Archaeology: Viking Site Discovery

Another major Viking site discovered in a tiny village in Annagassan – Ireland – said to be one of the most important Viking sites in the world. It seems a small rural community once housed a Viking winter base there.

We know that Ireland already has a known major Viking Settlement – Dublin – but it appears a second one was found in Annagassan site, 50 miles north of the capital. This place appears in tales, it was thought to be a myth till now; archaeologists started working on these “virgin” grounds and unearthed the truth.

It was already confirmed that the Linn Duchaill site, beside the river Glyde and south of Dundalk Bay, was where the Vikings brought their long ships or longphorts to be repaired. It was also the base for inland raids as far as Longford and into the north all the way to Armagh. However, it was eventually abandoned as a port due to poor tides and a shallow bay;  Linn Duachaill was also a large trading town as the Vikings exported Irish slaves and looted goods.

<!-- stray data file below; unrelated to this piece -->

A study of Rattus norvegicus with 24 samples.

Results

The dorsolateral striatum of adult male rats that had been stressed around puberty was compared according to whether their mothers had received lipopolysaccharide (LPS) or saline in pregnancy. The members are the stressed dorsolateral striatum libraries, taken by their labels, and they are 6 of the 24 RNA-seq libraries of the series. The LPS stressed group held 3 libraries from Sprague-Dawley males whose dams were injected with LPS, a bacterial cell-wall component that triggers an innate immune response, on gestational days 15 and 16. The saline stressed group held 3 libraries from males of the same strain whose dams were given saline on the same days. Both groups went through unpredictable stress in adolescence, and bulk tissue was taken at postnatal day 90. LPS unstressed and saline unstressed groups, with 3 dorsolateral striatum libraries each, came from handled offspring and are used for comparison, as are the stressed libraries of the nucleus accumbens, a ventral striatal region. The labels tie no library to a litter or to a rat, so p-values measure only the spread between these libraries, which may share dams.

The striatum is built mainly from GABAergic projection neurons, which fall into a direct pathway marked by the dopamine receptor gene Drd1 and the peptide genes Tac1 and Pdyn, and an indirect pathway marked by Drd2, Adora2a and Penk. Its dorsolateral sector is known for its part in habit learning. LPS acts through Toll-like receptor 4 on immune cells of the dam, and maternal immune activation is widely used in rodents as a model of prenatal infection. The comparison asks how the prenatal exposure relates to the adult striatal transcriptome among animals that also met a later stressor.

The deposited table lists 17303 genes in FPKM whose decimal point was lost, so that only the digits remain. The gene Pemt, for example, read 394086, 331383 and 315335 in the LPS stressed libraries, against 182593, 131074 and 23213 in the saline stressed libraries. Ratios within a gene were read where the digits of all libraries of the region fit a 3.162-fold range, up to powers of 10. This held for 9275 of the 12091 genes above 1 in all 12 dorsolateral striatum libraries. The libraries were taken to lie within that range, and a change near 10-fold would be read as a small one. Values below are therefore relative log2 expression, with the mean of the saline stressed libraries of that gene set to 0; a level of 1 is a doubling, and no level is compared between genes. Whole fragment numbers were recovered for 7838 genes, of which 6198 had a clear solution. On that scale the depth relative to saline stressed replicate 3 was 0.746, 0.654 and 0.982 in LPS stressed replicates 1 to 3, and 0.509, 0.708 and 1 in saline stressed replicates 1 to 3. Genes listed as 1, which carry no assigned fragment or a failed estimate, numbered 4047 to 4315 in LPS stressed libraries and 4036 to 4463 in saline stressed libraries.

The site is untouched, it has not been trashed by a road and it still is a greenfield site, there is no motorway going through it and it is basically a “virgin” territory. It has been husbanded and farmed for the last few hundred years and is unspoilt. It seems to be one of the most important sites of its kind in the world, not just in Europe.

Radio-carbon dating has conclusively shown it is a site of early Viking Age. It is an enormously important discovery because it is of the very earliest period of Viking settlement in Ireland. It was founded in 841 and the Annals of Ulster tell it was used over the next 50 years continuously.